NEW YORK — They are men who shun pain and never back down from a fight. They drink, smoke and drive fast--without wearing seatbelts.
They used to be called macho. Now psychologists are calling them femiphobics.
"Every man has femiphobia, or fear of being female, to some degree because it's so much a part of our culture," said psychologist Denis O'Donovan. "For some, the fear makes them exaggerate certain behaviors that are actual hazards to their health and longevity."
At a recent annual meeting of the American Psychological Assn., dozens of psychologists met to discuss the newly defined disorder, which was unheard of five years ago.
O'Donovan, a professor of psychology at Florida Atlantic University in Boca Raton and founding father of femiphobia, said studies indicate femiphobics die prematurely because they take unnecessary risks, thrive on dangerous confrontations and tend to ignore the warning signs of disease.
Fear of Becoming Girls
"Women worry about their bodies, about internal things, not men," O'Donovan said.
O'Donovan contends all young boys fear becoming girls because they see early in life that males have more authority and respect than females.
"The surest way to get a little boy not to play with a toy is to have him see a girl playing with it first," O'Donovan said.
In one study reported at the meeting, little boys were asked what they would do if they saw a contemporary playing with a female doll. The majority of boys said they would make fun of the child, avoid him and even physically hurt him.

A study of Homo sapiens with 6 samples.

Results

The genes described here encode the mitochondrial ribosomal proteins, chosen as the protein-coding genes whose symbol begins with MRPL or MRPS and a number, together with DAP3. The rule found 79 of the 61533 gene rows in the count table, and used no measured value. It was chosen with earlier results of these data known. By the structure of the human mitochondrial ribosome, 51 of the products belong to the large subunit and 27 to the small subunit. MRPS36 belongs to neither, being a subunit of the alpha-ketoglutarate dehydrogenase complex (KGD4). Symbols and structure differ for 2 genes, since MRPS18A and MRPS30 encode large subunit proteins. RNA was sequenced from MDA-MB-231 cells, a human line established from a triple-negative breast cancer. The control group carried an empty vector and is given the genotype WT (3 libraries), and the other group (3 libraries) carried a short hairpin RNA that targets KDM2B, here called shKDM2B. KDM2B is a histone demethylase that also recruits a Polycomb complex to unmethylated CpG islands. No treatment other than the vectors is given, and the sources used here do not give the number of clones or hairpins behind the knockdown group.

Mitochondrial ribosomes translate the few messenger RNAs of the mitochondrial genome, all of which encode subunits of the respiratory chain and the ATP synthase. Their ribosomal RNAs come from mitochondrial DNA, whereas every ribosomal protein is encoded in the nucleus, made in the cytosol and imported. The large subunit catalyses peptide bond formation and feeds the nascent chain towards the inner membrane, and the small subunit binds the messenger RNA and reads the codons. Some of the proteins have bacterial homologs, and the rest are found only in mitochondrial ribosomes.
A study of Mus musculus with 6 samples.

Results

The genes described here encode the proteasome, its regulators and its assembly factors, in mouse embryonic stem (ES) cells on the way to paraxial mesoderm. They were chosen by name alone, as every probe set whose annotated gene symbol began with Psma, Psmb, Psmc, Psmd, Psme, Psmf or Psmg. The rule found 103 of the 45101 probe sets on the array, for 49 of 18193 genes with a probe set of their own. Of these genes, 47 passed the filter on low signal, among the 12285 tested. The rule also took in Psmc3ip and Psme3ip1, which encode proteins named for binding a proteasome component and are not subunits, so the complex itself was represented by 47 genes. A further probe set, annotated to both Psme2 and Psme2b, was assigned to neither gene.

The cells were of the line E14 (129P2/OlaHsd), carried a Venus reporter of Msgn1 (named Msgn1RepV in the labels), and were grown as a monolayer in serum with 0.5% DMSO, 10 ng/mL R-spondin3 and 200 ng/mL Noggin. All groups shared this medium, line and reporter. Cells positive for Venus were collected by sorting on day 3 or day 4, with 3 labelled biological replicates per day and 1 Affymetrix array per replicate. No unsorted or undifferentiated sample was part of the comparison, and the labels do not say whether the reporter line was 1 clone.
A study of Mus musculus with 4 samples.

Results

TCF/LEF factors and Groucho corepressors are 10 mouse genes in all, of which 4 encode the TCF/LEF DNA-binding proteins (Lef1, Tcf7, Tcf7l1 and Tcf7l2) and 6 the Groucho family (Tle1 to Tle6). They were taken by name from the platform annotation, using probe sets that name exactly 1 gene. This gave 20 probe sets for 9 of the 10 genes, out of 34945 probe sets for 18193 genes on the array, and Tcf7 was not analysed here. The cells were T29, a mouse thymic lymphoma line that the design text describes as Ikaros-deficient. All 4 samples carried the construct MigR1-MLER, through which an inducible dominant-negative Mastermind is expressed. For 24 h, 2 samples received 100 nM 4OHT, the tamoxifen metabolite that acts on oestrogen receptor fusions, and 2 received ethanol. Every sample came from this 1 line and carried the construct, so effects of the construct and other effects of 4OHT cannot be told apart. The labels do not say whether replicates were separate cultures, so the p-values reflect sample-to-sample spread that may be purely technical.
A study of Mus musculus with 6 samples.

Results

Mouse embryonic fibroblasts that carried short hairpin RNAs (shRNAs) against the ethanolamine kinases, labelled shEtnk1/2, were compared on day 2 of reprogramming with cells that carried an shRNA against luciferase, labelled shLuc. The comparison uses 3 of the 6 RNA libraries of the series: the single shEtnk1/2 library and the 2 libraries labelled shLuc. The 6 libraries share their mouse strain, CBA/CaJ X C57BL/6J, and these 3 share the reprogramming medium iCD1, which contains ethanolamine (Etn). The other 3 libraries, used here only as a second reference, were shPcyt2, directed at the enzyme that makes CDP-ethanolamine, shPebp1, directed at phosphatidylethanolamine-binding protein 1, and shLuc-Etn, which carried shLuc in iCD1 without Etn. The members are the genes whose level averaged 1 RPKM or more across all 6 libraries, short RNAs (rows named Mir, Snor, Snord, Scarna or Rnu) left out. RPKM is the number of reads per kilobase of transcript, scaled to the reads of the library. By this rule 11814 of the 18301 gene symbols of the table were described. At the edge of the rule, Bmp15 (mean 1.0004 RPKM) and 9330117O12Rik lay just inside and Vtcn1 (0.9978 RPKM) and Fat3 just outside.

Psychologists also reported on another study in which 4-year-old boys told they had to use a girls' bathroom expressed fear they would become girls if they did so.
"At some point of age, boys realize no matter what, they are not going to turn into girls," O'Donovan said. "So the fear goes underneath the surface.
"That frightened little boy within us is what femiphobia is about."
O'Donovan said femiphobics shun any behavior considered feminine and assert their maleness by indulging in behaviors that are considered masculine, from poker to driving hot rods.
They have a compelling need to have girlfriends so they can prove their masculinity, but they tend to treat women with little respect.
Most Likely Males
Most psychologists who study the disorder believe males raised in homes where females have little status or power are most likely to exert femiphobic behavior.
Some studies suggest boys with fathers who are emotionally distant or rarely home also tend toward femiphobia, but O'Donovan such research is far from conclusive.
"We don't really know what causes any phobia," he said. "The point is when there is a weakness, a fear, we tend to marshal all our resources to combat that fear, which only makes it worse."
Some psychologists at the meeting argued women also have a fear of appearing "like a man," but O'Donovan said his studies suggest men are much more anxious to appear masculine than women are over appearing feminine.